Selling a Colonial War
In the Netherlands, colonial history is slowly but surely being rewritten. It has long been clear that what the Dutch government at the time described as “police actions”—the deployment of the army in response to Indonesia’s declaration of independence in 1945—was in fact an unlawful war. Nonetheless, the use of the term “war crimes” is still sensitive.
This documentary reveals how far the Dutch rulers went in selling the war as a domestic affair, intended to restore peace among the population. Unique, often shocking images tell a different story. Filmmaker In-Soo Radstake holds extensive interviews with international experts who explain the complex relationships in the former colony and set out the global context.
Under international pressure, the Dutch government gave up its colonial war, but the carefully composed political message from the past still hangs over the current public debate in the Netherlands. This is just one of the insights that emerge from this broad-based investigation of colonial history, which consistently looks beyond the established frameworks.
A MUST-SEE FOR GLOBAL AUDIENCES
In today’s interconnected world, there’s a growing appetite for films that illuminate the deeper truths of colonization. “Selling a Colonial War” stands at the forefront of this movement. Director In-Soo Radstake has crafted an enthralling exploration into the murkier realms of colonialism, drawing lines that connect past events to the world’s current geopolitical landscape.
The documentary taps into a universal theme: the manipulation of narrative to control perceptions. It’s a subject that resonates with global audiences, regardless of their familiarity with the specific history of the Dutch East Indies. In a time when the world grapples with misinformation and fake news, this film brings to light a historical case study in the distortion of truth for political ends.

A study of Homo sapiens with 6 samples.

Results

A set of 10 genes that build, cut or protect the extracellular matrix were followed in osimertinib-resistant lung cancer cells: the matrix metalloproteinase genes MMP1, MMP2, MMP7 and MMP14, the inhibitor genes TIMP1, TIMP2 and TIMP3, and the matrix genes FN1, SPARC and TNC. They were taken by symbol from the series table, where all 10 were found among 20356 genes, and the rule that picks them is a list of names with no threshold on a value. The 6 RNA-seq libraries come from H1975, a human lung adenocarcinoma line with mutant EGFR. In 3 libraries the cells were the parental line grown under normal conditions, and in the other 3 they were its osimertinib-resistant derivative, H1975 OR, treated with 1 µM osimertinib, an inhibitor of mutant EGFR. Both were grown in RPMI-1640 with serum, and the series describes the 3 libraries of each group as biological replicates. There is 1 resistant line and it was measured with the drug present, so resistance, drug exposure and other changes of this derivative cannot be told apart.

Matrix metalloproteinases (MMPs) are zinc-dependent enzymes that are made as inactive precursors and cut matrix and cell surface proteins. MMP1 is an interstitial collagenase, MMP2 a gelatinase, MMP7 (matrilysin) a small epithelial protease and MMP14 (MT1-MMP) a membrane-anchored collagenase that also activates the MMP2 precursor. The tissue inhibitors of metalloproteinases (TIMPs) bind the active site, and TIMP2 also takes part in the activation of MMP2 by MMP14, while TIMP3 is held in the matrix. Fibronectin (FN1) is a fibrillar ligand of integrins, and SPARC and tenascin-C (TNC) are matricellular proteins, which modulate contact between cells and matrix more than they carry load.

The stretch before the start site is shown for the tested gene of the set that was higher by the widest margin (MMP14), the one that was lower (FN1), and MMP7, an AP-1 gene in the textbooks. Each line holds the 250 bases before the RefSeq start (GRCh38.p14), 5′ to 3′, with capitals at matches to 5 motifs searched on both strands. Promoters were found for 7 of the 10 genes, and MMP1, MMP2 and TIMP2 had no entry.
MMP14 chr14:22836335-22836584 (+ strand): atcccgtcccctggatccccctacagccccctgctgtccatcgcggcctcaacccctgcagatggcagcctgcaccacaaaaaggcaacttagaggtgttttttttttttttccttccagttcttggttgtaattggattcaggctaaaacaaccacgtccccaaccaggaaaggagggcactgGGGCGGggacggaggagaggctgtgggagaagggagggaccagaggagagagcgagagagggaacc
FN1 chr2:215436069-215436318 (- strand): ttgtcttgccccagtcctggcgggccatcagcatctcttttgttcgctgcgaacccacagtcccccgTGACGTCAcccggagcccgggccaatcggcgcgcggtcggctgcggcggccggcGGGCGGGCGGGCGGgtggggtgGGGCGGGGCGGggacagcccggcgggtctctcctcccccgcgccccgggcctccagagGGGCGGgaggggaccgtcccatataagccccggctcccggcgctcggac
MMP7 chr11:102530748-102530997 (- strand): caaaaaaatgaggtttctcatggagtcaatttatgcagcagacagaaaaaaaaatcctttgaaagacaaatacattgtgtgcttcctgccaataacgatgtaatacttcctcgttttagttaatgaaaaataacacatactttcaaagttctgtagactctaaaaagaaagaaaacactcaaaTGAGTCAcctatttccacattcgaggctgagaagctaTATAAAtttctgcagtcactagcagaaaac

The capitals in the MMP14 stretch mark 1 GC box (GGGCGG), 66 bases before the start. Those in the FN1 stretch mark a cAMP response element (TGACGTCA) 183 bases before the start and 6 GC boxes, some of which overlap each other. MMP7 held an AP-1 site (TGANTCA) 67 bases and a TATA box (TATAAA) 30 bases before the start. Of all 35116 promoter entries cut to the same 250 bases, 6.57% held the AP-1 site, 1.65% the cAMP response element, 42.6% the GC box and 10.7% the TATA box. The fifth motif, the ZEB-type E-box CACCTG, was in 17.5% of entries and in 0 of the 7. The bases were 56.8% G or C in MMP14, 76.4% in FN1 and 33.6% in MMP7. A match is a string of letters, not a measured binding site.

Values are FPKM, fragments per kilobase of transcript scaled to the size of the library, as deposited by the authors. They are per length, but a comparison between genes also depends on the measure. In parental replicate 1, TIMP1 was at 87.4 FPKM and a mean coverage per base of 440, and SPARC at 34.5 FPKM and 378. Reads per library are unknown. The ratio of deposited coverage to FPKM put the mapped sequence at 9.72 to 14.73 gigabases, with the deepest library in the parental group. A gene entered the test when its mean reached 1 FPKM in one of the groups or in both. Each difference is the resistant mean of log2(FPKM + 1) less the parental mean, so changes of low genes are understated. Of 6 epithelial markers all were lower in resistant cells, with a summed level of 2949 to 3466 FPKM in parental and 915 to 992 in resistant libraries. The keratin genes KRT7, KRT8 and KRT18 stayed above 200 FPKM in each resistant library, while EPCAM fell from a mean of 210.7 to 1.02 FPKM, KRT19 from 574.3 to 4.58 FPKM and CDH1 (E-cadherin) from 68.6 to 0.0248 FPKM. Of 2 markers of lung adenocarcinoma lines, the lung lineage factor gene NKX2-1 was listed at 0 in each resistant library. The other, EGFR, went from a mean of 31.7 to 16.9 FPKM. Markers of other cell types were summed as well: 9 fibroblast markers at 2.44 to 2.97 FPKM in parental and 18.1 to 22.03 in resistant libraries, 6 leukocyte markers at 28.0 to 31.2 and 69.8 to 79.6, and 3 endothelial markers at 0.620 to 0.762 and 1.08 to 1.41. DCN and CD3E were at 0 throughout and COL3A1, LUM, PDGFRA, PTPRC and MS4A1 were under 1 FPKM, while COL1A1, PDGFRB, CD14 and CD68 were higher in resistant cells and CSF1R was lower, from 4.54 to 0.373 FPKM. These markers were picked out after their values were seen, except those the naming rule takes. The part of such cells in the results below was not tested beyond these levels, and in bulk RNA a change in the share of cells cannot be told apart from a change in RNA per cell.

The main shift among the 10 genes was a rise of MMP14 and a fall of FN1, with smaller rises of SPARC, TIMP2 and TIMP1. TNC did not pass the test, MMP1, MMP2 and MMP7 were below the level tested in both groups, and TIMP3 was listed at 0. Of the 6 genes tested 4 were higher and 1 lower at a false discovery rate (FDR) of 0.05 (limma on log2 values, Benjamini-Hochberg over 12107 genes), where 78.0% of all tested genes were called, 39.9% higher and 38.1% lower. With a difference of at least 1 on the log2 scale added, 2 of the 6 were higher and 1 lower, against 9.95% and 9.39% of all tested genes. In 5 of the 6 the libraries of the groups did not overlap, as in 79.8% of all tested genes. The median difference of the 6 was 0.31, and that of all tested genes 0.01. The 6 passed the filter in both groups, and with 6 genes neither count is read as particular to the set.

Moreover, the cinematic quality of “Selling a Colonial War” elevates it beyond a mere historical account. It’s a film that will make an impact on the big screen; immersing viewers in a tumultuous chapter of history that’s been kept in the shadows for too long.
For streamers and broadcasters, the documentary offers more than just engaging content—it’s a conversation starter. As discussions about decolonization, racism, and rewriting history dominate global conversations, this film provides essential context and catalyzes meaningful dialogue.
“Selling a Colonial War” isn’t just a film; it’s a cultural touchstone, capturing a story of global relevance. It beckons audiences from every corner of the world to reflect, discuss, and understand the enduring legacies of colonialism. In an era hungry for truth and reconciliation, this documentary is a must-have for cinemas, streamers, and broadcasters worldwide.
In-soo Radstake, a seasoned director and producer, has a repertoire spanning documentaries to feature films. His inaugural direction, ‘Made in Korea’, debuted at the Busan International Film Festival and garnered numerous accolades and nominations. Another highlight, ‘Parradox’, which delves into the life of the iconic Surinamese-Dutch filmmaker Pim de la Parra, premiered at IDFA, earning a nomination for Best Dutch Documentary.
With over two decades in the documentary-making, Holland Harbour’s collaboration with In-Soo has been a fruitful odyssey. They are set to produce In-Soo’s upcoming documentary feature, ‘Look Like Jackie’ that will be co-produced with VPRO television.
The feature film is 133 minutes long, available on DCP with English subs. The languages spoken in the film are: English, Dutch and Indonesian. A short/series -version for tv screens will be available soon. BeNeLux theatrical distribution is handled by Periscoop Film, for enquiries about licensing the film in the Rest of World please contact: Nadadja Kemper (firstname.lastname@example.org); she will be attending IDFA’s Docs for Sale.